Helen House was the world's first children's hospice, opening in November 1982. It sprang from the friendship between founder Sister Frances Dominica and the parents of a seriously ill little girl called Helen who lived at home with her family but required 24 hour care.
It is natural that the parents of a much-loved but very ill child would want to care for them at home, but caring for your child every day and night, as well as looking after the rest of your family, and earning a living, can be exhausting.
Helen’s family’s experience highlighted the need for respite care and support for children with life-shortening conditions and so Helen House was set up to help families cope by providing occasional respite care modelled on that provided in the family home - personalised and tailored to individual needs.
The building was based on the family home with just eight children's bedrooms, as the small scale provides flexibility, as well as affording the children and families who stay there sensitivity and dignity. The emphasis is on making the most of life, whatever the circumstances.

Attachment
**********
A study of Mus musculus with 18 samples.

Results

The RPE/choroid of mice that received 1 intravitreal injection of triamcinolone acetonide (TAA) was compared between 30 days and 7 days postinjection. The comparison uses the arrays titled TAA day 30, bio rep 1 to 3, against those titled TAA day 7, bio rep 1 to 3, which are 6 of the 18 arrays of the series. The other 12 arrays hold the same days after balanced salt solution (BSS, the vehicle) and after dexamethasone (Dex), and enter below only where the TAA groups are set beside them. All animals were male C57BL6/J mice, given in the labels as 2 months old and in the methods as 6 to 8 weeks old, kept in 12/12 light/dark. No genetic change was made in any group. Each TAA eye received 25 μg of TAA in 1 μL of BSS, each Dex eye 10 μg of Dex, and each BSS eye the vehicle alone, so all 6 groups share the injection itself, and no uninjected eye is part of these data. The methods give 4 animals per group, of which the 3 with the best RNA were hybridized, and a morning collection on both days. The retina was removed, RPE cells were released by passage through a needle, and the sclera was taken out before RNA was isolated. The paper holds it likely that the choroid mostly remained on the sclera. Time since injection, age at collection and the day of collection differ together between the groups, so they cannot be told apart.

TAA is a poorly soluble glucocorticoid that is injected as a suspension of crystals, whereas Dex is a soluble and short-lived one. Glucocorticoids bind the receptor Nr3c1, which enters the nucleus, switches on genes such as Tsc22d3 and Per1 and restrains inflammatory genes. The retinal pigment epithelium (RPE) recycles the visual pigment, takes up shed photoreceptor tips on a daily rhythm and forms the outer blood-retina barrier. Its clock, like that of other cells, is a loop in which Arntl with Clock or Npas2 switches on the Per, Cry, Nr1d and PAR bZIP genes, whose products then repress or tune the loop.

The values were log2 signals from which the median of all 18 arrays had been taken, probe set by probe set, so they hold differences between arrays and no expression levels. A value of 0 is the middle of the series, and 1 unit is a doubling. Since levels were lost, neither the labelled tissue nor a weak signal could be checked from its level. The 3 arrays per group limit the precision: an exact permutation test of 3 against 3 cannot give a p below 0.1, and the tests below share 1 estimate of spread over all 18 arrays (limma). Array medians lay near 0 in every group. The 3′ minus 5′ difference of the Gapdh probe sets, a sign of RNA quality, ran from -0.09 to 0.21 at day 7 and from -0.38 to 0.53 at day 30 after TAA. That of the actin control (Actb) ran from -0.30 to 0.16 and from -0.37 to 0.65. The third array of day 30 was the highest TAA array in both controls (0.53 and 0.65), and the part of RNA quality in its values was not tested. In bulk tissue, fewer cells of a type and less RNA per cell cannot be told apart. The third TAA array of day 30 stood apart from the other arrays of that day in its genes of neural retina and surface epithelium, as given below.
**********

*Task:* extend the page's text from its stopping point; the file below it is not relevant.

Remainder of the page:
A full account of the origins and development of Helen House is to be found in 'A House Called Helen: the development of hospice care for children', written by Jacqueline Worswick (Helen's mother) and published by Oxford University Press. It is available through Amazon.
With improvements in medical care, children and young adults with life-shortening conditions are in some instances living longer than ever before.
A children's hospice environment is unlikely to be suitable for someone who's 16 or over, but neither is an adult hospice, which is why Douglas House was opened in February 2004 specifically for young adults.
Douglas House provides a young person with the time to do the things they like to do with the support of the nursing and care team.